As if to buttress Prime Minister Manmohan Singh's emphasis on drinking water and sanitation in his reply to the motion of thanks to the President's address, a young woman was rewarded for her successful insistence on a toilet as a precondition for living at her husband's place.
Anita Bai Narre of Chichouli village of Betul district in Madhya Pradesh was handed a cheque for Rs. 5 lakh by Union Minister of Rural Development Jairam Ramesh, on behalf of Sulabh International, for standing up for her dignity on reaching her husband's place and demanding the construction of a toilet.
Sulabh International chairman Bindeshwar Pathak presided over the function.
Anita's courage has changed the picture of her in-law's village (Ratanpur) which is now heading towards cleanliness. Out of its 157 houses, 100 now have toilets — thanks to the bold stand taken by her on her arrival there after her marriage to Shivram Narre in May last year.
Within eight days, Shivram, a casual labourer, constructed the toilet and got his wife back. He got about Rs. 2200 from the gram panchayat and contributed Rs. 2000 from his kitty.
The couple, who are expecting their first child in June, credited each other for the change ushered in their lives. “He [Shivram], too, should be given the credit as he accepted my demand,” Anita, a second year BA student, maintained.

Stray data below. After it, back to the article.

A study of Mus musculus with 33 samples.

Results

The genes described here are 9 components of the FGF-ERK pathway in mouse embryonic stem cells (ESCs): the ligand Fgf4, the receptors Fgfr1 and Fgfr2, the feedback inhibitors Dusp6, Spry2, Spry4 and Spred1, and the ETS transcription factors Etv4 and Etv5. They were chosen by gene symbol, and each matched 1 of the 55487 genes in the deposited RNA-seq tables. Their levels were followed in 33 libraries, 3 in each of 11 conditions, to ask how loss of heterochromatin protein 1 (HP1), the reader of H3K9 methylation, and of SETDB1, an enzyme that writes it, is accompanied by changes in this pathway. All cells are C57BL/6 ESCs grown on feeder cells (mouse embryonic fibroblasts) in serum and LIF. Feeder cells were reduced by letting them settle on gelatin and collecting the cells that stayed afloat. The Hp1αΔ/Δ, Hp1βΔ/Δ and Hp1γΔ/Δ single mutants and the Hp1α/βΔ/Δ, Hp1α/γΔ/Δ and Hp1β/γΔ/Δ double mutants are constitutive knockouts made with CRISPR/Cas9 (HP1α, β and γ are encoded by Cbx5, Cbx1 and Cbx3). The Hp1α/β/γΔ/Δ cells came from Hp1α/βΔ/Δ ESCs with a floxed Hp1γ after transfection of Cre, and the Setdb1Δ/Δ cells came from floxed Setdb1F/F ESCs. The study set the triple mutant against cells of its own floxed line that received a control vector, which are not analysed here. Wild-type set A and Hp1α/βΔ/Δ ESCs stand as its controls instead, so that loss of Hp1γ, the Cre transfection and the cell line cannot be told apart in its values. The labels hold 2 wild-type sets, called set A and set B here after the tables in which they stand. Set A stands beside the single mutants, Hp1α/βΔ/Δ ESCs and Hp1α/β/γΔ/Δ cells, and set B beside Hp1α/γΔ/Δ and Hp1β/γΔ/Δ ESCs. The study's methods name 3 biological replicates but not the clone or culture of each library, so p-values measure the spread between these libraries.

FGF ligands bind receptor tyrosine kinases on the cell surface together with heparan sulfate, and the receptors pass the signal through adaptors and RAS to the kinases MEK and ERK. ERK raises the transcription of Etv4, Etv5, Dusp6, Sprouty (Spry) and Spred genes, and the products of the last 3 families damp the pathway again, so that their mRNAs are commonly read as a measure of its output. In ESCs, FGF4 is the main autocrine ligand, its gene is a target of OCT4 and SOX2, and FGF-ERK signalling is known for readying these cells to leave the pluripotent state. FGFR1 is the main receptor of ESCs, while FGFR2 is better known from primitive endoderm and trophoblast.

On his part, Shivram, a matriculate, said that Anita's demand was just and it did not cause him annoyance. The couple have already made plans on how to spend the reward money though Shivram said that he would be happier to have a permanent job.
Referring to his earlier statement that cleanliness was as important as praying to God, Mr. Ramesh said it was time to give equal importance to cleanliness. Underlining the need to pursue the task as a social campaign, he pointed out both the Prime Minister and the Finance Minister have accorded the highest priority to drinking water and sanitation by allocating more funds in the budget.
Mr. Ramesh said that all the 2.5 lakh gram panchayats would be turned into nirmal gram panchayats within a decade. “The thrust is not just to construct toilets, but to use and keep them clean — not use them as storage spaces for vegetables and food grain.” Admitting that the task at hand was not easy, he added that it demanded a behavioural change.